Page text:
A generation gap may be causing HR practitioners to keep their children away from careers in the profession, according to the Chartered Institute of Personnel and Development (CIPD).
A poll by consultancy Hudson last week revealed that three in 10 HR practitioners would tell their children to steer clear of the profession.
While more than half of the 250 HR professionals surveyed would recommend the career to their offspring, 28% would not. A lack of opportunities, money and flexible working put many parents off.
But Vanessa Robinson, manager of organisation and resourcing at the CIPD, said HR had evolved a lot since many HR parents joined the profession.
She told Personnel Today: “HR has become more business-focused, and maybe that’s the reason some people would not recommend it to their children.
“HR professionals now need to have more financial, IT and business skills. Perhaps a generation ago people just wanted to work with people.”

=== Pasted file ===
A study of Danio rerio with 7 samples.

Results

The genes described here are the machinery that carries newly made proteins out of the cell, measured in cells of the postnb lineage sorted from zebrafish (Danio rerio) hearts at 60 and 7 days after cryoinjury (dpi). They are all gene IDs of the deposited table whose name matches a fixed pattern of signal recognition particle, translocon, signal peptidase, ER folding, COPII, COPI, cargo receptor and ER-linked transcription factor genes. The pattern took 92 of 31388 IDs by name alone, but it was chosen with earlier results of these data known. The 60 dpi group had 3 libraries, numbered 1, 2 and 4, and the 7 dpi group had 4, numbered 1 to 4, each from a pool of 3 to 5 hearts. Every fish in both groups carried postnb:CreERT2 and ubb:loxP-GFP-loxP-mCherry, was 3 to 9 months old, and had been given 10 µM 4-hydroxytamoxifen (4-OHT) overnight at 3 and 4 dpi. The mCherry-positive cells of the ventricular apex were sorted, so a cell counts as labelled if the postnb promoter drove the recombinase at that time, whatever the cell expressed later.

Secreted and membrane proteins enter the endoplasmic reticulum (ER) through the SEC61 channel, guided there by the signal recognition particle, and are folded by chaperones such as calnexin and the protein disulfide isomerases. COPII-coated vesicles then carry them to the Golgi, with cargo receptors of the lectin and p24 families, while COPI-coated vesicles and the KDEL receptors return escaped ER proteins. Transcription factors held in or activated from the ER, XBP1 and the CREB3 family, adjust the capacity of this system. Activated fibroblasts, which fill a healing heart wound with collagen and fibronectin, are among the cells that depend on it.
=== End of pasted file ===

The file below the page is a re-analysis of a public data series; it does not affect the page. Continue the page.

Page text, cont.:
Robinson said HR offered great variety, a chance to operate at the heart of business, and the opportunity to deal with people on a daily basis.
“If people are purely driven by money then there are professions that offer more for them, but in terms of job satisfaction, it comes down to what the individual wants,” she said.
She said she was “surprised” that people saw HR as a less than flexible profession.
Andy Rogerson, chief executive of Hudson UK, said the findings of the poll were “very disturbing”.
“Trying to keep frustrated employees motivated and upbeat will be one of the key challenges for businesses in these tougher economic conditions. Ignoring employees’ concerns will not be an option,” he added.